Hyundai and Audi partner to accelerate fuel cell technology development

Posted: 20 June 2018 | | No comments yet

The two companies aim to together develop the alternative fuel technology; securing sustainable mobility for the future…


Hyundai Motor Group and Audi have entered into a multi-year patent cross-licensing agreement, covering a broad range of fuel cell electric vehicle (FCEV) components and technologies.

The new partnership will witness both companies making a joint effort in developing FCEVs; leading the automotive industry to a more sustainable future.

The cross-license agreement also covers and benefits both companies’ affiliates, including Kia Motors Corporation and Volkswagen AG. All companies will equally share the patent licenses over the years to come. The duration of the agreement has not yet been disclosed.

The partnership is expected to leverage collective R&D capabilities in fuel cell technology and elevate their presence in the FCEV market. As a first step, Hyundai Motor Group will grant its counterpart the access to parts that are based on Hyundai’s development of ix35 Fuel Cell as well as NEXO.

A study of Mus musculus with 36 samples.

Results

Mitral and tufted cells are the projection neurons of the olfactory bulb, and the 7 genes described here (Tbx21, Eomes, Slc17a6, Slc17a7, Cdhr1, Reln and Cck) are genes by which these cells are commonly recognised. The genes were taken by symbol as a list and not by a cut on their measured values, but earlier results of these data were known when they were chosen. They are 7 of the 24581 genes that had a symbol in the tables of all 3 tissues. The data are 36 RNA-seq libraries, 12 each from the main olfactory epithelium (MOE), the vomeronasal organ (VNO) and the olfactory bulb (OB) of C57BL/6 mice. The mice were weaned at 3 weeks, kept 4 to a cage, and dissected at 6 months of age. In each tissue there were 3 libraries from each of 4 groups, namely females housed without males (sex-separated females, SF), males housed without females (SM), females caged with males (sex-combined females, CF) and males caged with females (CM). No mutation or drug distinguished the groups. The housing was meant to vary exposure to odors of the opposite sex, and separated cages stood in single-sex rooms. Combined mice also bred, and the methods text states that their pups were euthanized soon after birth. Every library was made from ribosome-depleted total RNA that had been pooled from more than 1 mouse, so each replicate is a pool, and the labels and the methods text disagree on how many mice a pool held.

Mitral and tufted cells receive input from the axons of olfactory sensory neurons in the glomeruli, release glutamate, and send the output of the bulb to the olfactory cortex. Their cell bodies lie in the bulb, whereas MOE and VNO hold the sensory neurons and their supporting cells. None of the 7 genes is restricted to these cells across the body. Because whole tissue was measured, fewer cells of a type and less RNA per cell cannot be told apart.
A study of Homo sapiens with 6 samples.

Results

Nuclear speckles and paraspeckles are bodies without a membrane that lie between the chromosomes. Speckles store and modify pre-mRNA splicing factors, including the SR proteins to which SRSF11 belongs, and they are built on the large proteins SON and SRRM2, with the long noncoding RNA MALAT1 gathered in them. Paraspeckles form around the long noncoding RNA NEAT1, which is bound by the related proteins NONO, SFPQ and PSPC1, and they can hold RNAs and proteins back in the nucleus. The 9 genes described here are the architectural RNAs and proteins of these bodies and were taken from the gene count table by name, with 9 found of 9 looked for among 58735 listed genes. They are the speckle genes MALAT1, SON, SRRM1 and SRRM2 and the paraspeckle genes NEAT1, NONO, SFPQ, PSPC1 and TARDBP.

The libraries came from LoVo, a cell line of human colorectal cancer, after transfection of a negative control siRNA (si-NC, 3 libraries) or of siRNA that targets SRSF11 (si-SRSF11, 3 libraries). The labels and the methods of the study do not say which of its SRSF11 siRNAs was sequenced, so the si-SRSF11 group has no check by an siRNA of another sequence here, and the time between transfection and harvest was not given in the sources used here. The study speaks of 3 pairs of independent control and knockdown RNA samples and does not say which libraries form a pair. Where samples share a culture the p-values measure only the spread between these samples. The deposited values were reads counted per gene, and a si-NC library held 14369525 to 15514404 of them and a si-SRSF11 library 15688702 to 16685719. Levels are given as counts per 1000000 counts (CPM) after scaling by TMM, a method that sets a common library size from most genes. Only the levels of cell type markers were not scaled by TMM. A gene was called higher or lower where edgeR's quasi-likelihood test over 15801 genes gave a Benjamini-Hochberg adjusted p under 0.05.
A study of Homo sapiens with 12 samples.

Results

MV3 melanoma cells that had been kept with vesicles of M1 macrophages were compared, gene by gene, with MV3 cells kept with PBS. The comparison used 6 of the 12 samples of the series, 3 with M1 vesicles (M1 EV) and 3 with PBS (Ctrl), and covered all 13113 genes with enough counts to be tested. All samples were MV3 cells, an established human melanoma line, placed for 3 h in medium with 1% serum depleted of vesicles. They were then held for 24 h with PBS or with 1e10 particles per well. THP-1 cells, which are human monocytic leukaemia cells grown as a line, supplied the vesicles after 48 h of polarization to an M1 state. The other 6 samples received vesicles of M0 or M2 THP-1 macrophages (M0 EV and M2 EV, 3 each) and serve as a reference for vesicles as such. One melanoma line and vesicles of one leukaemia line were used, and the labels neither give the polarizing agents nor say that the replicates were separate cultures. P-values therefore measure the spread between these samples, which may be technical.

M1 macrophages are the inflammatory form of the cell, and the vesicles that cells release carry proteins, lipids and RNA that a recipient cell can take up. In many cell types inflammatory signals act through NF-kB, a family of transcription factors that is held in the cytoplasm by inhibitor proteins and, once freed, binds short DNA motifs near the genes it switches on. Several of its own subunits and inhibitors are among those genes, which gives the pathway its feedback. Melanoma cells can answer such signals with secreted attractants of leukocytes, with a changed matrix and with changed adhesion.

Audi – responsible for the development of fuel cell technology within the Volkswagen Group – will be able to take full advantage of Hyundai’s FCEV parts supply chain.

“This agreement is another example of Hyundai’s strong commitment to creating a more sustainable future whilst enhancing consumers’ lives with hydrogen-powered vehicles; the fastest way to a truly zero-emission world,” said Euisun Chung, Vice Chairman at Hyundai Motor Company. “We are confident that the partnership will successfully demonstrate the vision and benefits of FCEVs to the global society.”

Hyundai Motor Group and Audi have also agreed to explore opportunities for a next step in their collaboration. This will aim to lead industry standards in fuel cell technology as well as accelerate FCEV development; providing more advanced mobility options to customers.

“The fuel cell is the most systematic form of electric driving and thus a potent asset in our technology portfolio for the emission-free premium mobility of the future,” said Peter Mertens, Board Member for Technical Development at AUDI AG. “For the breakthrough of this sustainable technology, cooperation is the smart way to leading innovations with attractive cost structures.”

Hyundai Mobis (Mobis), the leading FCEV’s components manufacturer of the Group, is expected to continuously expand its role for developing and supplying proprietary core components for Hyundai and Kia FCEVs.

Long ranges and short refuelling times make hydrogen an attractive future source of energy for electric mobility. This is particularly true for larger automobiles, where the weight advantages of the fuel cell vehicle inherent to its design are particularly pronounced. Key aspects for its future market success include the regenerative production of hydrogen and the establishment of a sufficient infrastructure.